TODAY’S READING: Numbers 18–20
As Levites, Moses and Aaron were given the priestly honor of representing the purposes of Jehovah and the responsibility of acting out those purposes in Jehovah’s manner. They were given the priesthood as “a gift for service” (Num. 18:7). Fulfilling Jehovah’s mission, however, their service was never to replace intimacy with Jehovah Himself. Jehovah reminded Aaron: “I am your portion and your inheritance among the children of Israel” (v. 20). No part of the Levite tribe was to inherit land. Their inheritance was to be something much more meaningful—the Lord would be their portion and their inheritance. Service that took priests away from intimacy with God was a service in which God was not pleased. That was true then; it is true now.
The Numbers story now heads to a conclusion and the drama therein is whether or not the new generation would believe God, would they believe what their fathers believed. Miriam died (20:1) and Aaron soon followed (v. 28). Moses was not far behind. Neither Moses nor Aaron nor Miriam (The Big 3) would set foot in the promised land because they did not believe God, they did not hallow Him in the eyes of the children of Israel (v. 12). In one way that was harsh, but in another way, it made complete and justified sense. The Big 3 dying in the wilderness is only sad when we misunderstand the biblical narrative—it’s not about land for a particular people, it’s about the glory of God in all the lands of earth. What is most important to God concerning His people is whether or not they walk with Him faithfully in the world. He knows that in being like Him and with Him, we have a far greater satisfaction than any accomplishment. He knows that His presence is our great reward.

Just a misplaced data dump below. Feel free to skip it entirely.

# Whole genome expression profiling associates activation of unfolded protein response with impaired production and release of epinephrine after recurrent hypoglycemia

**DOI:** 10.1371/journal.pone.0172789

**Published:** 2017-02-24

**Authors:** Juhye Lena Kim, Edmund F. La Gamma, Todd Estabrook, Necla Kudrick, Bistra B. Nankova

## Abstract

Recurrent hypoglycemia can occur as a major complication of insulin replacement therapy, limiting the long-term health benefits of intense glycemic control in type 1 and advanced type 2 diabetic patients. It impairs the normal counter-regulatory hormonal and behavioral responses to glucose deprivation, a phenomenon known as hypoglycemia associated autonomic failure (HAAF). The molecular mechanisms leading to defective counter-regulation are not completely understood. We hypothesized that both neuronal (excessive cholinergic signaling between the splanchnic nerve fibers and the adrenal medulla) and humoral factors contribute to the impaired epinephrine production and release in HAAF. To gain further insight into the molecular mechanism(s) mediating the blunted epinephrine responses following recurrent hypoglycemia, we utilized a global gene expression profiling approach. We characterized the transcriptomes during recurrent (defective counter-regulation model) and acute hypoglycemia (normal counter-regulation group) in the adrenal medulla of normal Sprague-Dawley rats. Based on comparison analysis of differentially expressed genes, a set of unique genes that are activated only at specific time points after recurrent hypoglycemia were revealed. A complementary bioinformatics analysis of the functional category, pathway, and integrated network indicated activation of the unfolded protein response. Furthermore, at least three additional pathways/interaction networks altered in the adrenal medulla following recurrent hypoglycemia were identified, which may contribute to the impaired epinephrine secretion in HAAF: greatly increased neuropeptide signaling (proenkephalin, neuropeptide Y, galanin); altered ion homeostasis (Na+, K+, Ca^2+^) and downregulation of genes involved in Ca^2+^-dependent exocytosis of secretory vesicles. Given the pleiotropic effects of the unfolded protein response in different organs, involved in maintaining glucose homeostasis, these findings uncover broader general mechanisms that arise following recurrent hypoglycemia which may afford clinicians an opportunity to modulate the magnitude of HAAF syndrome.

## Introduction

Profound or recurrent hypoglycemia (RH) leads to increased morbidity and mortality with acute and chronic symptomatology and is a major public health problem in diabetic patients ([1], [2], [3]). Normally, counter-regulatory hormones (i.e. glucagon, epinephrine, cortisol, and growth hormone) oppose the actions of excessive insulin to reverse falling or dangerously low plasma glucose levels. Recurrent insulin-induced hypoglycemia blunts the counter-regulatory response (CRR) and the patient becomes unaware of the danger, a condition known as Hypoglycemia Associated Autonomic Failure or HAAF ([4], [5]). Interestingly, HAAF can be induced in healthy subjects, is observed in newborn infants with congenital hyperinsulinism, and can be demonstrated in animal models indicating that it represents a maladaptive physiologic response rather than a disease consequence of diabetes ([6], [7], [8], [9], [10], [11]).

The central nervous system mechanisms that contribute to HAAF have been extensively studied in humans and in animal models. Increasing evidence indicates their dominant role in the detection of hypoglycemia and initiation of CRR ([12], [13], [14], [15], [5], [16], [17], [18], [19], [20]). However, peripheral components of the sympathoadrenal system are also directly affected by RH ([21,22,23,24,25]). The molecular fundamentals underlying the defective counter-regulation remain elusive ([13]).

We can’t fall on our faces before the glory of God in private (v. 6) and then misrepresent Him publicly before our people or any people. It’s not about a physical inheritance of property and possessions; it’s about a request to the Father for the grand inheritance of all nations (Psalm 2:8). It’s not about being busy and successful for Jehovah; it’s about being so intimate with Him that others desire that same intimacy. This was why Jehovah was angry with Moses. In disobedience, Moses broke faith. He did not represent His Lord well, and he misused the spiritual power that his intimacy with God provided. Moses’ service moved God away from who He is because Moses was doing in a carnal manner what God wanted. The water still came from the well, and the problem was solved, but it was not solved in a way that Jehovah was glorified. Therefore, in winning, there was loss. In a way, God had mercy on Moses by taking service away, for service was not what delighted Moses most—God was.
The peoples of earth are never far from the drama. They are ever being thought of (Num. 19:10) and we are ever to be a display for how to interact with and obey God (20:14). The king of Edom followed all that happened to Israel and knew all that God did to deliver them. What God does in His people, He does as an example for all the nations to see, whether that is blessing or punishment. The greatest thing we can do as missionaries among the unreached Maranao of the Philippines is to live among them in such a way that it’s evident Jesus is our great reward and inheritance—and not service or land. The greatest thing we can do as followers of Jesus in our home society is to live in such a way that demonstrates to the watching unsaved that lasting satisfaction is found only in intimacy with God Himself. God is so dedicated to His glory among all peoples that He will use both our rise and fall, our blessing and cursing, to glorify His name. We will be a witness to all the nations. If that witness is sweet or bitter depends on whether or not we hallow God before their eyes (v. 12).